Healthcare medical apps are driving the uptake of iPads in the NHS with some of the major vendors in the USA opting to write apps exclusively for the device.
Patients’ medical records are now accessible via iPads making it easier and quicker for clinicians to access information at the point-of-care.
DrChrono EHR is an example, currently being used by 70,000 clinicians and four million patients in the USA – I can see this app being used by a large NHS teaching hospital in the future.
Apps that help organise patient care more efficiently, such as electronic document management product Kainos Evolve, are becoming more popular. This is demonstrated by the company winning over 12 large contracts with NHS hospitals last year.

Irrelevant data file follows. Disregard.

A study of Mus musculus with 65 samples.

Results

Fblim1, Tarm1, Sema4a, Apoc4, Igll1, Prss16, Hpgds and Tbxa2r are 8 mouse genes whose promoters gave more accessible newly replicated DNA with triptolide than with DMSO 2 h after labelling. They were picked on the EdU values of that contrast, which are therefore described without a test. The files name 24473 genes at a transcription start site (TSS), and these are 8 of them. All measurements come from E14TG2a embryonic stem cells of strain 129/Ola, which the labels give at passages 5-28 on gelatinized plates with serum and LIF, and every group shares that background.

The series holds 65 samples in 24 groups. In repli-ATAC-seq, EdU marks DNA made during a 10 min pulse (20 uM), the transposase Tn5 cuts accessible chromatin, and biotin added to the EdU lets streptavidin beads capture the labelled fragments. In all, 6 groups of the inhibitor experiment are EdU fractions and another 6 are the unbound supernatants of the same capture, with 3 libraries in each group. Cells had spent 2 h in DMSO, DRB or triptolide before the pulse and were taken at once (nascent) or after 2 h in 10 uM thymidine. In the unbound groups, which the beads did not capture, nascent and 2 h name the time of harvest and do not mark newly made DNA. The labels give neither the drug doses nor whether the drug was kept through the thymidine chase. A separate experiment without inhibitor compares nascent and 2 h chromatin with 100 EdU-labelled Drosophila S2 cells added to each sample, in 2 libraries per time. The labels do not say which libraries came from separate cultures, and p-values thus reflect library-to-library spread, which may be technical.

Another piece of mobile software, called VitalPAC is used by 25,000 nurses every month and helps to record patient observations. Results are impressive – it has the ability to reduce morality rates by 15% in some hospitals.
However one of the most astounding apps I have ever seen is called Airstrip One by Airstrip Technologies.
Airstrip One can project a heart Electrocardiogram (ECG) trace from a patient’s bedside to a clinician anywhere in the world. The cardiologist can remotely diagnose a patient if they are having a heart attack.
Here is an observation about apps and young people: I watched a colleague in his mid-fifties slowly tap out a text message with his son becoming exasperated at the time it was taking.
Eventually he took the phone off his dad and said: “Just dictate the message dad I will type it”. Then with blinding speed he tapped out the text message on the iPhone with just two thumbs.
The message was not lost on me – our younger generation will far outstrip the current capability of apps and our medical app designers need to be in the super league to deliver the benefits.